By Chris A Garrington, on 29 October 2021

by Fran Abrams

Where you grow up still has a significant effect on your life chances, according to new research using Census data. Evidence from the 1971 to 2011 censuses shows that those who moved out of poorer areas were more likely to move up the social ladder than those who stayed – but, for later cohorts, those from the North or Wales were more likely to thrive  in their own region than in London.

A major study of social mobility confirms that not only who your parents are, but also where you grow up, substantially influences subsequent life chances. But there have been significant changes in recent decades, it says – suggesting that some long-standing assumptions about social mobility chances across the country may need to change.

The government’s ‘levelling up’ agenda is based on the notion that deep divides exist between the North and South of Britain. The study, by researchers at the University of Westminster and the London School of Economics, shows this still holds true.

But within regions there are big variations in social mobility, the study confirms. And while those who leave their birthplace to live and work elsewhere tend to do better as a result, heading for the Capital does not confer the same advantages as it did in the past.

Census data

The study focuses on three cohorts who were aged between eight and 18 in 1971, 1981 and 1991, and who were followed up after 20 years when they were aged between 28 and 38. The data is a particularly rich source, the researchers say, because it enables them to link people’s occupations to those of their parents.  The sample covers a total of almost 170,000 people over a fifty year period and reveals both where they lived as adults and what they and their parents did for a living.


In general, upward social mobility in Britain increased between the mid-1950s and the early 1980s. But some regions had higher rates of mobility than others during that time, and the upward trend tailed off for those born later. So while there were small increases in mobility in every region over time, there were persistent and substantial inequalities. 

In all regions of England and Wales, children born to managerial and professional parents were at least two and a half times more likely to end up in those occupational groups than children from working class backgrounds.

For those born between the late 1950s and the early 1980s, there was a clear advantage to starting out in London for upward social mobility. For the first cohort, the West Midlands had the next highest upward mobility followed by the North East, Wales, the North West, and Yorkshire and Humberside.

Stayers and leavers

The study compares those who moved away with those who stayed close to their birthplace and finds that overall, those born outside London and the South East did better if they moved away. 

The study divided those born in the North or Wales into four groups according to where they lived later in life: those who stayed in the same region in the North or Wales, those who moved a new region within the North or Wales, those who moved to a different region outside London and those who moved to London.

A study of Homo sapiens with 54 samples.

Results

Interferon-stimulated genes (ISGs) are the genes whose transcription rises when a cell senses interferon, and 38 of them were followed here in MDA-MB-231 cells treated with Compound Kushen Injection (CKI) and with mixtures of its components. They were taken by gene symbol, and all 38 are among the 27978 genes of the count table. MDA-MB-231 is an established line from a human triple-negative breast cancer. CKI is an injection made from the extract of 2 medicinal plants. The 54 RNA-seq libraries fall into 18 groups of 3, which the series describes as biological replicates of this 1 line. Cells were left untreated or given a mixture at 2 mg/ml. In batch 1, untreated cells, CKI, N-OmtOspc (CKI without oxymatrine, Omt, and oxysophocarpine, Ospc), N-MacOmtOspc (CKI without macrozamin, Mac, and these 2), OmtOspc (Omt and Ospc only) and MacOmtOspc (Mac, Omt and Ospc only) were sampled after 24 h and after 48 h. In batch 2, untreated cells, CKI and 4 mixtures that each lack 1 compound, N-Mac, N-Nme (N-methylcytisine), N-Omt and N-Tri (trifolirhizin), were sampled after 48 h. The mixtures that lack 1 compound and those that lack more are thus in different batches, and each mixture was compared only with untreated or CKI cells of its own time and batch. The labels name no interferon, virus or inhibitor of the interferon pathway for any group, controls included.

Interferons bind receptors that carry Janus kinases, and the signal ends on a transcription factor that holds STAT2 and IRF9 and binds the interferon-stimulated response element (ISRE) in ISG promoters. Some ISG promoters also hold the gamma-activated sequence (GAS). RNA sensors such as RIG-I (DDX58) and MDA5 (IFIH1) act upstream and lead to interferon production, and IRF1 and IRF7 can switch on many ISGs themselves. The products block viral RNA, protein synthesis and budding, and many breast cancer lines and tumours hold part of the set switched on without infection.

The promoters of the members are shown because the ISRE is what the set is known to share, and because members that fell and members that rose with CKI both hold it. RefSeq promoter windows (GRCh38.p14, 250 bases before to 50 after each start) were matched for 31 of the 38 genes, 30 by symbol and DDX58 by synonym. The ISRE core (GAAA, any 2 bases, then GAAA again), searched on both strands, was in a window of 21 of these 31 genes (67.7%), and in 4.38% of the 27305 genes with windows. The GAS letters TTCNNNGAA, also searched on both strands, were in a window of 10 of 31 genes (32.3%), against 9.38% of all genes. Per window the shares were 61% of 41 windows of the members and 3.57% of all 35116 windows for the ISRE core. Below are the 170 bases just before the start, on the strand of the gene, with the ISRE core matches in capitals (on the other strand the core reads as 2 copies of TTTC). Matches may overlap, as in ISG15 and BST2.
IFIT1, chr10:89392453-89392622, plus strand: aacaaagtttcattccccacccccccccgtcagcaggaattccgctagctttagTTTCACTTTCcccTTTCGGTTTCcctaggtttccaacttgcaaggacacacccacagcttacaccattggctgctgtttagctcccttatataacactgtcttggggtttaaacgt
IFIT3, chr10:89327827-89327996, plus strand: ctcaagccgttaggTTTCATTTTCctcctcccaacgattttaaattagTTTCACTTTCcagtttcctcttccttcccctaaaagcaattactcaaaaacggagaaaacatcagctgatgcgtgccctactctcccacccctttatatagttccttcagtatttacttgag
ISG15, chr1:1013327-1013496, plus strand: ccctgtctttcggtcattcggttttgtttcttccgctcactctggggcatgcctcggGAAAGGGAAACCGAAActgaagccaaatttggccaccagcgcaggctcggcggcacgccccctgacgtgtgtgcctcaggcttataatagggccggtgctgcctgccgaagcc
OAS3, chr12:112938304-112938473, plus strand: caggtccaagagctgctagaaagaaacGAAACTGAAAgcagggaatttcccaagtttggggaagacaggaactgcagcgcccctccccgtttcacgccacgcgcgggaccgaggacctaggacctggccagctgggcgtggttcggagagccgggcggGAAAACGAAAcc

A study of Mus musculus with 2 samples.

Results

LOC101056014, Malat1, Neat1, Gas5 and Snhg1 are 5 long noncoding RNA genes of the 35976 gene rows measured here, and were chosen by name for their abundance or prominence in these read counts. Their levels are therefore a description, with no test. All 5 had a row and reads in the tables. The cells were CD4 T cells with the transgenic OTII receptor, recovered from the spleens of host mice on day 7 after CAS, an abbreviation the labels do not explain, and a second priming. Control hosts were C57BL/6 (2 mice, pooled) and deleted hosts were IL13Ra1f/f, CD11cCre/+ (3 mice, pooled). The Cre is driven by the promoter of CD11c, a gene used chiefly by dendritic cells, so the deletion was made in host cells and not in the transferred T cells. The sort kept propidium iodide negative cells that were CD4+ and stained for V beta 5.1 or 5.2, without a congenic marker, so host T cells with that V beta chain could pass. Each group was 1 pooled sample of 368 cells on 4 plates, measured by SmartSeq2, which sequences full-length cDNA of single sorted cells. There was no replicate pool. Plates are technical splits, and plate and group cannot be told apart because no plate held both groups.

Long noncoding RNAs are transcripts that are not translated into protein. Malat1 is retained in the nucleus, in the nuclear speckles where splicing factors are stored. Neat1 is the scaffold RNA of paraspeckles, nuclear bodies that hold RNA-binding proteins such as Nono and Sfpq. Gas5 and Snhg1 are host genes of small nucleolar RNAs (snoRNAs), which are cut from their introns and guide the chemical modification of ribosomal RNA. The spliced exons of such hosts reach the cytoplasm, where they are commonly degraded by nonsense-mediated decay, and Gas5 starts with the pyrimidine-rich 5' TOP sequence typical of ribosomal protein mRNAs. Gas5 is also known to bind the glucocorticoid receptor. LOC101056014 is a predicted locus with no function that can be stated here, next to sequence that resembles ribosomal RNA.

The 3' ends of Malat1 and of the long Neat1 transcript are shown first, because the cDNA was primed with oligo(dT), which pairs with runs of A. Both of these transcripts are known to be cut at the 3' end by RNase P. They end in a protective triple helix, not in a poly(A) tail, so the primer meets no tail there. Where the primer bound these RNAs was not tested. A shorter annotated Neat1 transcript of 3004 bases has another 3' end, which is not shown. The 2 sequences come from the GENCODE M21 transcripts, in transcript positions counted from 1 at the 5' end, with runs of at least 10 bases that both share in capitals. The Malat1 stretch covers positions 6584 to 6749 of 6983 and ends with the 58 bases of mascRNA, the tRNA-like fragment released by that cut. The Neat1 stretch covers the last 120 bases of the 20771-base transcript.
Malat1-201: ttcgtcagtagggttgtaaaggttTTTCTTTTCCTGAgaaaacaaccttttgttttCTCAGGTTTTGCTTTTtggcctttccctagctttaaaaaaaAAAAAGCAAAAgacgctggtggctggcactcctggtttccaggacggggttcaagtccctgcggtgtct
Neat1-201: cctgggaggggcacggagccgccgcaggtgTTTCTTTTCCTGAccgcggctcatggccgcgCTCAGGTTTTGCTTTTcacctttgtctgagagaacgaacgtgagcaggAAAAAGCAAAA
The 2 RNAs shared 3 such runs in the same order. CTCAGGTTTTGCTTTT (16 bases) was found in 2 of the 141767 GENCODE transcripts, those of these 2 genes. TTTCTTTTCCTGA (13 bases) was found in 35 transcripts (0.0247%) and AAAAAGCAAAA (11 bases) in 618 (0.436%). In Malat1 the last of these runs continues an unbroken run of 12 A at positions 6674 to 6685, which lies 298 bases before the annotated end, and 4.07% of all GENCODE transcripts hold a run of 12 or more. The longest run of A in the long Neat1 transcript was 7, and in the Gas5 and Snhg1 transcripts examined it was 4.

Three quarters of those in the study stayed in their region of origin, while the remaining quarter moved.  And in all regions outside London and the South East, movers had higher rates of upward mobility compared to stayers. 

There were significant changes in these patterns over time, though. Among those who were children in the early 1970s and 1980s, social mobility was highest among those who moved to London. But for those born a decade later a move to the capital was not associated with any greater upward mobility when compared to people who stayed in their region of origin.

The highest level of upward mobility for this latter group was among those who moved to a different region within the North or Wales or who moved to another region outside of London.

Regional effects

Overall, London stands out as the most socially mobile region. But when the figures are broken down to the more fine-grained level of local authority areas, a more nuanced picture emerges: within London, there are areas with both very high and very low levels of social mobility. Indeed, most authorities in London have a border with a district whose social mobility is substantially different. Similarly, for all areas in England and Wales there is substantial variation in social mobility both within as well as between regions.  

What should politicians do?

So what does this mean for the Government’s ‘levelling up’ agenda? The study suggests that while some redistribution of resources from London and the South East to post-industrial areas in Wales, the Midlands and the North is justified, a more fine-tuned approach is needed.

This research shows patterns of social mobility are changing over time, and also that they are greater within regions and cohorts than between them.

And while it confirms that people who move out of their region of origin tend to advance higher up the social ladder, it also highlights the other side of the same coin: those who are born in low-mobility areas but who stay there have lower chances of occupational attainment. 

Incentivising people to move is one approach  – but that will not solve the problem of ‘left-behind’ towns and cities. An alternative solution would be both to improve opportunities for salaried jobs in those areas, and also to improve the working conditions —autonomy, employment rights and security— of those lower down the class structure.

Spatial and social mobility in England and Wales: A sub-national analysis of differences and trends over time is research by Franz Buscha, Emma Gorman and Patrick Sturgis and is published in the British Journal of Sociology.